There’s a new way to test for harmful bacteria and toxins looming in Lake Mitchell.
That’s according to Parks and Recreation Director Nathan Powell, who said the Environmental Protection Agency (EPA) recently announced new standards and improved technology that allow for more discrete testing.
“With the new standards, we no longer have to test for chlorophyll. We will now have to test for the two toxins: cylindrospermopsin and microcystin,” Powell said in an interview with The Daily Republic. "The improved science technology that the EPA has developed will greatly help us monitor the toxin levels at the lake."
The Parks and Recreation Department has implemented the new technology with its decision to welcome on-site water quality test kits that have been used at the lake for the past month. Powell said the test kits eliminate the city having to submit the water quality samples to the state’s EPA agency, which would take up to a week to receive the results. The Parks and Recreation Department practices weekly water quality tests, which take place every Monday throughout the summer months.
“The on-site testing has been going well, and it helps us get the results of the toxin levels right away,” Powell said. “We can now get the information out to the public sooner than later.”
By not having to test for Chlorophyll, Powell said the Parks and Recreation Department’s water quality tests will examine the toxin levels of microcystin, which was previously gauged through the testing of Chlorophyll.
According to Powell, when the Chlorophyll was up the microcystin was either right at the same level or a little under, which produced inaccurate levels at times.
The two toxins that exist in Lake Mitchell -- which the city of Mitchell tests for -- are cylindrospermopsin and microcystin, which are a form of cyanobacteria, also known as blue-green algae. They both can produce toxins in recreational waters and have been found to cause human and animal illness.
According to Powell, the cylindrospermopsin levels must be at or above 15 parts per billion (ppb) for the city to issue a public health warning. Parts per billion is the units of measure the Parks and Recreation Department uses to calculate and identify the concentrations of the two contaminants or toxins.
The city’s policy for a public health warning at Lake Mitchell discourages direct contact with the lake but doesn’t call for the closure of the lake, while a public health watch only discourages the specified portion of the lake where microcystin levels are above 4 ppb.
As of the most recent water quality test, Powell said Lake Mitchell’s cylindrospermopsin level came in at 1.6 ppb, while the microcystin levels were right at 8 ppb, which caused the most recent public health warning at Lake Mitchell. Powell said the lake’s cylindrospermopsin levels have only risen above 4 ppb in the previous two years, excluding this year’s 1.6 ppb level.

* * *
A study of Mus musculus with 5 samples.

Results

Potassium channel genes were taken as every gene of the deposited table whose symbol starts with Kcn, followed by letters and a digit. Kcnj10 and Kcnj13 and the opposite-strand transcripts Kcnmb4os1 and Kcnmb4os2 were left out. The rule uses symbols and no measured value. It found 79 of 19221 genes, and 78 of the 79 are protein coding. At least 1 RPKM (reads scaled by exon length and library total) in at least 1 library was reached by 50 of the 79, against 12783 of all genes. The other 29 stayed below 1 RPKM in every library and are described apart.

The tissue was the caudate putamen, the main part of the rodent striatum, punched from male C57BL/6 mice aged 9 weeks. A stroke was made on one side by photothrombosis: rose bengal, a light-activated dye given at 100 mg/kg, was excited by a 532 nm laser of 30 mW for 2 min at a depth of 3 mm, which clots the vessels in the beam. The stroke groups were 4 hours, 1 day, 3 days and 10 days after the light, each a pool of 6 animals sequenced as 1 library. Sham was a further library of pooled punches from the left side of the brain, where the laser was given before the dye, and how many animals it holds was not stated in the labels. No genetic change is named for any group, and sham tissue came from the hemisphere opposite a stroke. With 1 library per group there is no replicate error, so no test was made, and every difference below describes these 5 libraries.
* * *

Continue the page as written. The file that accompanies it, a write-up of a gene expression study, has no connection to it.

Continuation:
“The rainfall has seemed to help keep the toxin levels at a lower rate than in previous years when it was very hot,” Powell said. "The microcystin levels are what we're monitoring more closely this year, because the cylindrospermopsin have been consistently low."
The city also tests for e-coli. Powell said the tests use the same levels of e-coli -- which is 235 colony forming units (cfu) per 100 milliliters -- to determine whether a public health warning should be issued. However, the policy change calls for closing the specific location of where the harmful e-coli level was found; rather than closing the entire lake like the previous policy mandated.
“We test for e-coli at the beaches primarily, so the new change will have us close the beach and not the entire lake,” Powell said. “We’ve had two e-coli levels reach above the 235 cfu in the past four years, but it could be from bird feces in that area, so it doesn’t mean the whole lake has harmful levels of e-coli.”
According to Powell, a public health warning will only be issued when microcystin toxin concentrations are greater than or equal to 8 ppb in any testing location, which used to be 20 ppb. In addition, if the cylindrospermopsin concentration is greater or equal to 15 ppb in any testing location, a public health warning will be issued.
“We will only be putting out a public health warning if there is a toxic problem,” Powell said. “We won’t be putting out any warnings if there’s not.”
By switching to the new policy guidelines, Powell said it will help protect the public, while alleviating constant calls for alarm.
While City Council member Marty Barington backed the policy change, he suggested the city issue a notification when the toxin levels reduce below the harmful levels.
“It’s obviously a good practice to issue advisories when the toxin levels are at harmful warning levels, but when they lower to a safe level I think it’s a good idea to get the word out the lake water quality is good again,” Barington said. “Because if we don’t notify people that the lake is safe, then we risk people swimming in the lake and deciding not to camp at the Lake Mitchell Campground.”